The charity Worldwide Cancer Research has committed just over £4 million to fund 20 new cancer research projects. The announcement follows decisions made at the charities annual “Meeting of Minds” involving cancer researchers from all over the world.

Dr Helen Rippon, Chief Executive of Worldwide Cancer Research, said, “Our Meeting of Minds, held in Edinburgh, is a truly special event. We bring together the world’s best cancer scientists to sit around a table and help us pick the unique and daring projects that we feel could one day transform research and the lives of people with cancer.”

“We are so thankful to our generous supporters for raising the money we need to support these pioneering projects. But so many projects were lost simply because of a lack of funds. While we were able to fund £4m of research, we know there was £20m of great ideas that could have been funded. That’s 80 pioneering projects. 80 incredible ideas lost that could have led to new and more effective ways to prevent, diagnose and treat cancer.”

The 20 research projects are being carried out in labs all over the world including the UK, US, Singapore, Europe and Australia and cover many different types of cancer. The duration of each project is between two and three years and the type of research to be carried out varies from drug discovery to understanding what causes cancer and the basic biology of the disease.

Dr Chit Fang Cheok at the Institute of Molecular and Cell Biology, Singapore, has been awarded nearly £100,000 to see if a drug used to treat tapeworm infection could be repurposed to treat women with ovarian cancer. In Edinburgh, Scotland, Dr Carsten Hansen has been awarded £200,000 to search for new ways to treat mesothelioma – a type of cancer most associated with exposure to asbestos.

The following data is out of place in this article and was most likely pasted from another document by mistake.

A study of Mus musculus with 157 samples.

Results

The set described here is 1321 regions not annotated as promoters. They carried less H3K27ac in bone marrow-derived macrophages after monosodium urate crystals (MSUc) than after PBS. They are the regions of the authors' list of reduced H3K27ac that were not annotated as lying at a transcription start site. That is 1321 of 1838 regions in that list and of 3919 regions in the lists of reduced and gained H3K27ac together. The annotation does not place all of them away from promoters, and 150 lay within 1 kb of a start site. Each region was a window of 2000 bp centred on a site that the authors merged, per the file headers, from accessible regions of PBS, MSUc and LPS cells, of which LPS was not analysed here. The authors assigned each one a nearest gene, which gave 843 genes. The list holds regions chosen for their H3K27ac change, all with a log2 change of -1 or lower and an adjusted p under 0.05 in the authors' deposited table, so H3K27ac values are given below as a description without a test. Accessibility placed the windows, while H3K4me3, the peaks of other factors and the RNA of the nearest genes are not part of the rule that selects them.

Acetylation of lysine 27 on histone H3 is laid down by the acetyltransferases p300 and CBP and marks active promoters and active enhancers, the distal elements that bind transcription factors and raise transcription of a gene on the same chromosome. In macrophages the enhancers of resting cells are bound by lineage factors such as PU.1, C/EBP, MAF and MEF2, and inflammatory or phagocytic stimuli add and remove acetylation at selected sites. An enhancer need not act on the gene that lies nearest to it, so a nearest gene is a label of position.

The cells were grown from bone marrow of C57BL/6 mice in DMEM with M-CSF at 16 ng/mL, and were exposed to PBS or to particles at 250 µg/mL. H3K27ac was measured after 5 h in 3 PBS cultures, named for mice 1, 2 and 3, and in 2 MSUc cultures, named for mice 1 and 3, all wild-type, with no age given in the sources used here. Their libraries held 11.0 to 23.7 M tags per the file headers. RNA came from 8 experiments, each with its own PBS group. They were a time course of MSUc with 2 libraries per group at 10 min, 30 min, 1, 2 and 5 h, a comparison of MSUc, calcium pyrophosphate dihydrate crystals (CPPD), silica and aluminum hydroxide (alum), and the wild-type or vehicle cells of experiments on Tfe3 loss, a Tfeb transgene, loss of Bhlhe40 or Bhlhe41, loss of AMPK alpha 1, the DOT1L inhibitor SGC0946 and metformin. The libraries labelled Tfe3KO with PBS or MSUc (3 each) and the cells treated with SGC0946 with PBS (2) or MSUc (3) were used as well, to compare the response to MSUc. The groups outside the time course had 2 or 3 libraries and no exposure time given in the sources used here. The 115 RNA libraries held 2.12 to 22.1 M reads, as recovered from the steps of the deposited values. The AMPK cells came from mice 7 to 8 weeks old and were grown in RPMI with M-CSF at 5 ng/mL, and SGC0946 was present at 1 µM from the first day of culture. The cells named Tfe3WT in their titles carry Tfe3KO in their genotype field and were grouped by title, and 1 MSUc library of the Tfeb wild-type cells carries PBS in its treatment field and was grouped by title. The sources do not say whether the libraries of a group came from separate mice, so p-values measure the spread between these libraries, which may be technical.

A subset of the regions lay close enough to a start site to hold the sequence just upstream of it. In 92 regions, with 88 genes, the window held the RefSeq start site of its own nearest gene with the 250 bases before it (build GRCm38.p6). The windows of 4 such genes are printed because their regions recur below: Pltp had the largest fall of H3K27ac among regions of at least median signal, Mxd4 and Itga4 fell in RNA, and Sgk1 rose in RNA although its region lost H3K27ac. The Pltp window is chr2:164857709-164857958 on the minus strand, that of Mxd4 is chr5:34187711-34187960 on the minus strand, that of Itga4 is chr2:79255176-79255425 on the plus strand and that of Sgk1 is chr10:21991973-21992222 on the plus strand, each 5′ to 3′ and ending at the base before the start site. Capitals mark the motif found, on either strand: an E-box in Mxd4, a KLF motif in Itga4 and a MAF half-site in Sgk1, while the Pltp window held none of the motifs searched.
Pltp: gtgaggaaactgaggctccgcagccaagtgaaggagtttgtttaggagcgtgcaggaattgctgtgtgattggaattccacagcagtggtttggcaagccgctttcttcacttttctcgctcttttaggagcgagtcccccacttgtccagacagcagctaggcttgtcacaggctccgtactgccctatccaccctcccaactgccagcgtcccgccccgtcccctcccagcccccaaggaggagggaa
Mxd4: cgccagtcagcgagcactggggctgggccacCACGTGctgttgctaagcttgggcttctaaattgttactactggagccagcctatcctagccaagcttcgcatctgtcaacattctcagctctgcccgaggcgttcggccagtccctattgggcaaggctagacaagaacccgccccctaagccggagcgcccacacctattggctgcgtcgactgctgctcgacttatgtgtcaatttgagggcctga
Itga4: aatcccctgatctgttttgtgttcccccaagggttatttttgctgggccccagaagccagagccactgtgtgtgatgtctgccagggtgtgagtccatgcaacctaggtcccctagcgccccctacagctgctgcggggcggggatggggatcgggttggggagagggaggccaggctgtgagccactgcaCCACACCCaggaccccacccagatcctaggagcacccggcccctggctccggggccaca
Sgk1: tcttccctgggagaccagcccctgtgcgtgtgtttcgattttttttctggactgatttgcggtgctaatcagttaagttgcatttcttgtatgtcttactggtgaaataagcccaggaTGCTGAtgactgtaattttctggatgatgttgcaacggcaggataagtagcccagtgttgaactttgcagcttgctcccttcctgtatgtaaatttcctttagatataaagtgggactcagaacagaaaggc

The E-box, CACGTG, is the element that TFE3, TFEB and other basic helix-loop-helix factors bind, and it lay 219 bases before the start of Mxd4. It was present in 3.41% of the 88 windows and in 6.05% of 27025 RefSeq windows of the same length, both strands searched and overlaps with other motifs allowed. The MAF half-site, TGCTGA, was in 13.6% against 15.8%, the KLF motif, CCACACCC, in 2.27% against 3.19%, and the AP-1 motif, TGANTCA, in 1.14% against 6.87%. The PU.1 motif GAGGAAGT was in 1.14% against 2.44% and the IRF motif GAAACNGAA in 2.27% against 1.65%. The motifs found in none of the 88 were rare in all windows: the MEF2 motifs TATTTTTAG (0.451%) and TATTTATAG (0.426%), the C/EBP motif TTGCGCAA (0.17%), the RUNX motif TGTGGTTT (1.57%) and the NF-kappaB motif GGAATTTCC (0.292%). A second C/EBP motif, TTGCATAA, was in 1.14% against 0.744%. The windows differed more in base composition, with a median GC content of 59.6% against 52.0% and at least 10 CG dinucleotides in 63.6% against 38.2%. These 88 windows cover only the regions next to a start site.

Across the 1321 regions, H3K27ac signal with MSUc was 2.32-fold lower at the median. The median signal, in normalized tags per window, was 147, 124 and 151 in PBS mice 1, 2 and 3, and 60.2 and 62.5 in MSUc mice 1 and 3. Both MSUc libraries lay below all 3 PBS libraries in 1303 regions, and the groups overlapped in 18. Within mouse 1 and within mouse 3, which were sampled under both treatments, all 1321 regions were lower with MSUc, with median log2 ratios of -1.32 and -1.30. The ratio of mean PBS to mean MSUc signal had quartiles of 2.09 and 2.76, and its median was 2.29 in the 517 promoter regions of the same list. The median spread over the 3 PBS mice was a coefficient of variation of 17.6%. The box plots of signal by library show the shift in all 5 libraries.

At Barts Cancer Institute, Queen Mary University of London, Professor Kairbaan Hodivala-Dilke has been awarded £200,000 to test a brand new drug to see if it can make immunotherapy more effective against lung cancer. While at The Rockefeller University in New York, USA, Dr John LaCava has received £180,000 to study an ancient genetic parasite that contributes to the development of cancer.

Dr John Maher, a cancer researcher from King’s College London and Chair of the Meeting of Minds, said, “It was incredibly difficult to pick 20 research projects from the abundance of creative and exciting ideas put forward by scientists from all over the world. I believe we have helped Worldwide Cancer Research use their supporter’s generosity to its full potential and I can’t wait to see what new advances emerge from these projects.”